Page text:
Up around 20% from its low in March 2020, we believe Intel stock (NASDAQ: INTC) has further room for more than 20% upside to levels it traded at before the outbreak of the coronavirus.. The company’s stock trades at $55 currently and is, in fact, down almost 10% since the start of 2020. It traded at $67 in February 2020 – just before the outbreak of coronavirus – and is currently around 20% below that level, as well. Further, the rise in computing device sales has driven up demand for the company’s products, as is evident from Intel’s strong full-year 2020 results. For full-year 2020, Intel reported net sales of $77.9 billion, up a little over 10% from $72 billion last year. Despite a higher effective tax rate, a drop in operating expenses helped drive EPS up to $4.94 from $4.71 in 2019. We believe this can help boost Intel’s share price by more than 20% to its pre-Covid high of $67. Our conclusion is based on our comparative analysis of INTC stock performance during the current crisis with that during the 2008 recession in our interactive dashboard.
2020 Coronavirus Crisis
Timeline of 2020 Crisis So Far:
- 12/12/2019: Coronavirus cases first reported in China
- 1/31/2020: WHO declares a global health emergency.
- 2/19/2020: Signs of effective containment in China and hopes of monetary easing by major central banks helps S&P 500 reach a record high
- 3/23/2020: S&P 500 drops 34% from the peak level seen on Feb 19, as COVID-19 cases accelerate outside China. Doesn’t help that oil prices crash in mid-March amid Saudi-led price war
- Since 3/24/2020: S&P 500 recovers 72% from the lows seen on Mar 23, as the Fed’s multi-billion dollar stimulus package suppresses near-term survival anxiety and infuses liquidity into the system.
In contrast, here is how INTC stock and the broader market fared during the 2007-08 crisis.
Timeline of 2007-08 Crisis
- 10/1/2007: Approximate pre-crisis peak in S&P 500 index
- 9/1/2008 – 10/1/2008: Accelerated market decline corresponding to Lehman bankruptcy filing (9/15/08)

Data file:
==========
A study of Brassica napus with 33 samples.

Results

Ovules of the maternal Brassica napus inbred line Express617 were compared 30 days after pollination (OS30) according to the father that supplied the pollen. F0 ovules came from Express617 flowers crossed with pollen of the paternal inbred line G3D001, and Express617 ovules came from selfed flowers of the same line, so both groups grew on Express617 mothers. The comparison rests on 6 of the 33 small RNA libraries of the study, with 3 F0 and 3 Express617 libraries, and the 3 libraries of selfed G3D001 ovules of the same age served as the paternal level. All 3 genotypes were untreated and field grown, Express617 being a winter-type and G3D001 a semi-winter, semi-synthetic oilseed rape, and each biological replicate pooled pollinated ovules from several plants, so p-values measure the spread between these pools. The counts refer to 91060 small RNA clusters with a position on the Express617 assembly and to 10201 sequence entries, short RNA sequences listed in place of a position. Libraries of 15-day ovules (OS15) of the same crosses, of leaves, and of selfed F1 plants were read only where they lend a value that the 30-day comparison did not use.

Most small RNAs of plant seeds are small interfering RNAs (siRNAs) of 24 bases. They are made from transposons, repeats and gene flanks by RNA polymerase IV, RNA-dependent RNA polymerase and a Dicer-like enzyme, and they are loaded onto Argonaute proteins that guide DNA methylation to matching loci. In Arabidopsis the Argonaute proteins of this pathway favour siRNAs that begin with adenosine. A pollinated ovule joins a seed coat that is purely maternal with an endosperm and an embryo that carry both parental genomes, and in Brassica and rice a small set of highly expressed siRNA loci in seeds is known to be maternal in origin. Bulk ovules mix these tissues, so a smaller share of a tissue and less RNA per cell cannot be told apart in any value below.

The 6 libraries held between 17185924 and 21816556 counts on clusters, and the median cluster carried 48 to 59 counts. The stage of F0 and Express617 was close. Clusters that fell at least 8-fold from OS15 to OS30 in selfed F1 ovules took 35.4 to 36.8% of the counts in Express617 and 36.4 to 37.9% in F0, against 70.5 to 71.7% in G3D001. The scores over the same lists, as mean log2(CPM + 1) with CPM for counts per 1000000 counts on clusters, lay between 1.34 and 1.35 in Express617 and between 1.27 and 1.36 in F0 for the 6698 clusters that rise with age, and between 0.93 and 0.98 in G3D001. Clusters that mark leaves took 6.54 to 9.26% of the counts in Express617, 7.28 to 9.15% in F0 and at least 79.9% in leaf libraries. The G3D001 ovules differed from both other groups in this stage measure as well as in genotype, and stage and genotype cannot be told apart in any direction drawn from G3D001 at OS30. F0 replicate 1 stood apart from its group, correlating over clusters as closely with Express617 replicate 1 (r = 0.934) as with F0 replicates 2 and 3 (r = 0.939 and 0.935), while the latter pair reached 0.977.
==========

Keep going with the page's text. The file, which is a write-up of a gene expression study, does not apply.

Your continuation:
- 3/1/2009: Approximate bottoming out of S&P 500 index
- 12/31/2009: Initial recovery to levels before accelerated decline (around 9/1/2008)
INTC and S&P 500 Performance Over 2007-08 Financial Crisis
We see INTC stock declined from levels of around $22 in September 2008 (pre-crisis peak) to around $13 in March 2009 (as the markets bottomed out), implying INTC stock lost more than 40% from its approximate pre-crisis peak. It recovered post the 2008 crisis, to just above $20 in early 2010, rising by around 60% between March 2009 and January 2010. The S&P 500 Index saw a decline of 51%, falling from levels of 1,540 in September 2007 to 757 in March 2009. It then rallied to levels of 1,124, rising by about 48% between March 2009 and January 2010.
INTC Fundamentals Over Recent Years
INTC revenues increased from $62.8 billion in 2017 to $77.9 billion in 2020, due to higher revenues across all revenue segments, driven by rising chipset sales. Along with higher revenue, earnings also jumped, with EPS rising from $2.04 to $4.98 during this period.
Does INTC Have Enough Cash Cushion To Meet Its Obligations Through The Coronavirus Crisis?
Intel’s total debt rose from $26.8 billion in 2017 to $36.4 billion in 2020, while its total cash also jumped from around $5.2 billion to $8.2 billion over the same period. Further, the company generated over $35 billion cash from operations in fiscal 2020. This steady cash position combined with strong cash from operations provides the company a reasonable cushion to deal with the current crisis.
Phases of Covid-19 Crisis:
- Early- to mid-March 2020: Fear of the coronavirus outbreak spreading rapidly translates into reality, with the number of cases accelerating globally
- Late-March 2020 onward: Social distancing measures + lockdowns
- April 2020: Fed stimulus suppresses near-term survival anxiety
- May-June 2020: Recovery of demand, with gradual lifting of lockdowns – no panic anymore despite a steady increase in the number of cases
- July-November 2020: Weak Q2 and Q3 results, but continued improvement in demand and progress with vaccine development buoy market sentiment
Despite the recent surge in the number of new Covid-19 cases in the U.S., we see the rise in computing and gaming device sales to continue on the back of the surge in online activity. We believe that Intel stock has potential upside in the near term, and even as the lockdowns are gradually lifted, a drop in computing device demand does not seem very likely. This could see Intel stock potentially rise over 20% from its current level.
While Intel stock seems undervalued, 2020 has created many pricing discontinuities which can offer attractive trading opportunities. For example, you’ll be surprised how counter-intuitive the stock valuation is for Apple vs Microsoft. Another example is Ansys vs Adobe.